Be Nice: Matt Ward offers advice on gaining more word-of-mouth referrals.

When consultant Matt Ward asks business owners where most of their new business comes from, they almost always tell him that word-of-mouth referrals are the number one source. To the follow-up question: “How do you create more of those?” they usually draw a blank. “They kind of think you just sit back and wait for them, but in reality, you can create a predictable pattern of word-of-mouth referrals,” Ward says. “You have to focus on other people. It’s really a by-product of caring about other people.”

Ward will host a workshop on increasing word-of-mouth referrals for the Princeton Regional Chamber of Commerce on Friday, September 28, from 7:30 to 8:45 a.m. at the Nassau Club of Princeton. Tickets are $35, $25 for members. For more information, visit or call 609-924-1776.

Of course, many business owners recognize the importance of treating their customers well and even trying to connect with them on a human level. However, Ward says, these efforts will often be done in a transparent attempt to curry favor or gin up new business. Think of the gift pen or T-shirt with the company’s logo emblazoned on it. “In business we seem to think that it’s OK to give gifts to other people with our name and branding on them,” he says. “That’s the gift we want them to have, not the gift they actually want … that’s advertising and marketing. It’s not generous anymore because it’s self-serving.” Ward recommends shifting the focus onto the other person, just like you would do if you were forming an actual friendship.

Ward says that business owners should devote some time to “reaching out” in order to build these relationships. “Ultimately, what happens is, small business owners feel overwhelmed and they don’t have enough time in the day, so a lot of these things get pushed aside.” But Ward says it actually doesn’t take very much time to show genuine care for others, or at least it takes little more time than perfunctory gestures would.

He recommends sending hand-written “thank you” cards instead of emails. “If you truly want to cut through the noise, you have to send a card.” And when you do, he says, don’t include a business card because that will turn a kind gesture into just another solicitation.

“I think a lot of small businesses don’t do it because they think it will take a lot of time, and it doesn’t,” Ward says. “It takes five minutes to write a card. That’s not a lot of time. They think it takes a long time because it takes more time to write the card than it does to write an e-mail.”

Ward says he connects with his business contacts on social media and takes a genuine interest in their lives. This allows him to send messages that are actually thoughtful.

This is easier for small business owners to do than those who run large enterprises. “Small businesses have their nimbleness and their ability to quickly pivot,” Ward says. “If they show up to a seminar and hear an idea, they can implement it the next day.”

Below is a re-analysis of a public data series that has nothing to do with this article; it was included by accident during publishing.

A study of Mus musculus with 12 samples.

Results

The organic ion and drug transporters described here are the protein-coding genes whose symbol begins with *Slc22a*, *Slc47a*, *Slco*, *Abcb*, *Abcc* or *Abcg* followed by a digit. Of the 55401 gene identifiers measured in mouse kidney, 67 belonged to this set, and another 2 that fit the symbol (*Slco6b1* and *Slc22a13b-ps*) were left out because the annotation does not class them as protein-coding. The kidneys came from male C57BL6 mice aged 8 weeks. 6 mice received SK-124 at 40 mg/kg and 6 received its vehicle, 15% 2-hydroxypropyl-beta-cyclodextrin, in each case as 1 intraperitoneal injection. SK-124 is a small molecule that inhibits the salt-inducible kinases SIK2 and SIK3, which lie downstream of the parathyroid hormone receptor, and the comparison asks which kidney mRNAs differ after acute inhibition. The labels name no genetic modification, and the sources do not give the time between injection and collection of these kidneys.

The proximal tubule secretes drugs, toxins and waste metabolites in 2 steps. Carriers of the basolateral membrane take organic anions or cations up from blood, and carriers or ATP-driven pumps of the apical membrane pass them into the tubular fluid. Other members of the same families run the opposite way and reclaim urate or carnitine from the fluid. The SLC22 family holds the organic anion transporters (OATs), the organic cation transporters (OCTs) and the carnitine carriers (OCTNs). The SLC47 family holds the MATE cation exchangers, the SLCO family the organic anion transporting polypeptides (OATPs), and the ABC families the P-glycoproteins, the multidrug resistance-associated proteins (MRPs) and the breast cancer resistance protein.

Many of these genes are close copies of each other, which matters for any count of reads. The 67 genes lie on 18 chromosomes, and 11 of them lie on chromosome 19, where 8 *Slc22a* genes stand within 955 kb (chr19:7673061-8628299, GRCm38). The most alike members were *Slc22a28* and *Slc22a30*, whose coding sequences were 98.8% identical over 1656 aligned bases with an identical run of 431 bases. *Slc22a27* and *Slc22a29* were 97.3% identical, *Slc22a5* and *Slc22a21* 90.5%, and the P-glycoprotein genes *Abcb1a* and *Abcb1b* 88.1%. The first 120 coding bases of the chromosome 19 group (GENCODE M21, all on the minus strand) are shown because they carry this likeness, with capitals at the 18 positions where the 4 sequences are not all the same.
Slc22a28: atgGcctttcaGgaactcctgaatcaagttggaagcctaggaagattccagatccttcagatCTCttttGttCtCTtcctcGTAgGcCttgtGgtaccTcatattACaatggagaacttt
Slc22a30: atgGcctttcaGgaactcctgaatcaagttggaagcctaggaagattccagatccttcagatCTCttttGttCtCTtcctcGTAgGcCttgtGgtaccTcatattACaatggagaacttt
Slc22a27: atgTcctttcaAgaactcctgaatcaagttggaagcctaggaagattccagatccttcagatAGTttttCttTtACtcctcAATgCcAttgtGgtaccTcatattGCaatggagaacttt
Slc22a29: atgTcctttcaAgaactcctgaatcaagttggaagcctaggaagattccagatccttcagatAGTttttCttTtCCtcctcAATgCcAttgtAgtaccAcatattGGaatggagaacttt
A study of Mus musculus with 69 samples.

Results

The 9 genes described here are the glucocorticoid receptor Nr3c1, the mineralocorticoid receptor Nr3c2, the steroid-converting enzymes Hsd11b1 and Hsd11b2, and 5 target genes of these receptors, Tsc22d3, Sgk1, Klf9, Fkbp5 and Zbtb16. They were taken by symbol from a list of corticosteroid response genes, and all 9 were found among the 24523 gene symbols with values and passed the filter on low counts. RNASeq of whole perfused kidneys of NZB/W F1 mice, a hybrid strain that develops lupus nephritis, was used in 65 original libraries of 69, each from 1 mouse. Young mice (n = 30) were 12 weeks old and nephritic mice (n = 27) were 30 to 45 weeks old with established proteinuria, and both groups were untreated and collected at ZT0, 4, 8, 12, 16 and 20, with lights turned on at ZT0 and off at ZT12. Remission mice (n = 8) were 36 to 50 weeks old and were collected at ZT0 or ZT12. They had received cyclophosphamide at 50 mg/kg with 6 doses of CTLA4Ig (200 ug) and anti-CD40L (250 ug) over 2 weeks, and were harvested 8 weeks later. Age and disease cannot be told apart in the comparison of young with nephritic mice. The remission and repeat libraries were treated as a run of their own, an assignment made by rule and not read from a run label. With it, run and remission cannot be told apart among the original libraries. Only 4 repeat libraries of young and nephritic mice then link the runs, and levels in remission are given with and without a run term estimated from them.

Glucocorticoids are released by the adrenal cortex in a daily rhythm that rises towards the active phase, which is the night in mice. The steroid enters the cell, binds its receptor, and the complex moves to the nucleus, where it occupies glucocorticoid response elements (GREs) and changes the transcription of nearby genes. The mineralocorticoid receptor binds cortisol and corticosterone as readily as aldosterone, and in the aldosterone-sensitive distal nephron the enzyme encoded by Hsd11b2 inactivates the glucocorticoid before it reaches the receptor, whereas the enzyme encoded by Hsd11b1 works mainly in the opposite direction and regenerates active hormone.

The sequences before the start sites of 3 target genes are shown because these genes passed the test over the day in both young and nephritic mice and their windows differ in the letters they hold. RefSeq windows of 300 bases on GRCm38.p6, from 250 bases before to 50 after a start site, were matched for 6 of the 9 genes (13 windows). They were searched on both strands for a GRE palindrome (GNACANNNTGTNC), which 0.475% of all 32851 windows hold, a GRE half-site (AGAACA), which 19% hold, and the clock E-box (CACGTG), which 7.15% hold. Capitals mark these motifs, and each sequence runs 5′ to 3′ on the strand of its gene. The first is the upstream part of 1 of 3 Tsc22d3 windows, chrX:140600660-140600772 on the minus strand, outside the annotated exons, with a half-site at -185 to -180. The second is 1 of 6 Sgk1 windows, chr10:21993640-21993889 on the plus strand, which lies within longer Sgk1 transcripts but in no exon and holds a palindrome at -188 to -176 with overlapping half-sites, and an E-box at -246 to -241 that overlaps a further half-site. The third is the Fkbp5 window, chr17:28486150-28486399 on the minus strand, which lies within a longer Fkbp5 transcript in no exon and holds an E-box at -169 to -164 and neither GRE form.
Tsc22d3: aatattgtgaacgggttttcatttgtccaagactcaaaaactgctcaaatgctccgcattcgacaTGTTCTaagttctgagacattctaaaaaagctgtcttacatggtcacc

But it’s not impossible for big businesses to do this. The online shoe retailer Zappos has created a company culture of good customer service and is constantly praised by customer reviews. “They empower their agents to make decisions on the phone, to care about people and to do things for the customers,” Ward says.

Today, Ward is a speaker and the author of “MORE … Word of Mouth Referrals, Lifelong Customers & Raving Fans.” Before that, he owned a web development company, where he relied heavily on word-of-mouth referrals from companies that weren’t his direct customers.

Ward has not had a typical business career. He grew up the youngest of three boys in northern Virginia in very poor circumstances. “My dad wasn’t in my life and my mom worked to raise three kids. That’s didn’t work out,” he says. “We had peanut butter and jelly and soup and stuff like that. We had a roof over our head, but if you could make the spaghetti stretch another day, you would make the spaghetti stretch another day.”

Ward attended the Milton Hershey School, a free boarding school in Pennsylvania for children from low-income families. He graduated in 1991 and tried to make a living at various jobs. One day in 2002, Ward sold his car on the streets of Washington, D.C,. for $50, then moved to Massachusetts for a fresh start. He started a web design company part time. The company was a success and eventually had eight employees and about $1 million in revenue. He sold it this year to his longest-tenured employee.

Ward says he sometimes looks back on a conversation he had with his grandfather, who was a judge in the Social Security Administration. His grandfather told him “In life, it’s not about what you know, it’s about who you know.” Ward argued with him at the time, but now realizes that the old man was right. Though, he adds, who knows you may be even more important than the other way around.

“I became a connector,” Ward says. “I loved connecting people to other people who needed similar services.”

Ward says he had his epiphany about his approach to business many years ago, after he had tried conventional ways of getting word-of-mouth marketing for his business but found it slow going. After reading a business book called “Never Eat Alone,” he realized that his mistake was that he had been giving with the expectation of getting something in return. As soon as he started engaging with people on a more human level, Ward says, he started getting more of those referrals. He says his business spent nothing on advertising in the last four years he owned it, getting all of its business from his relationships with others.

It has had benefits beyond business, he says. “It makes you feel good,” he says. “It raises your own happiness, which makes you a better person and a better business person.”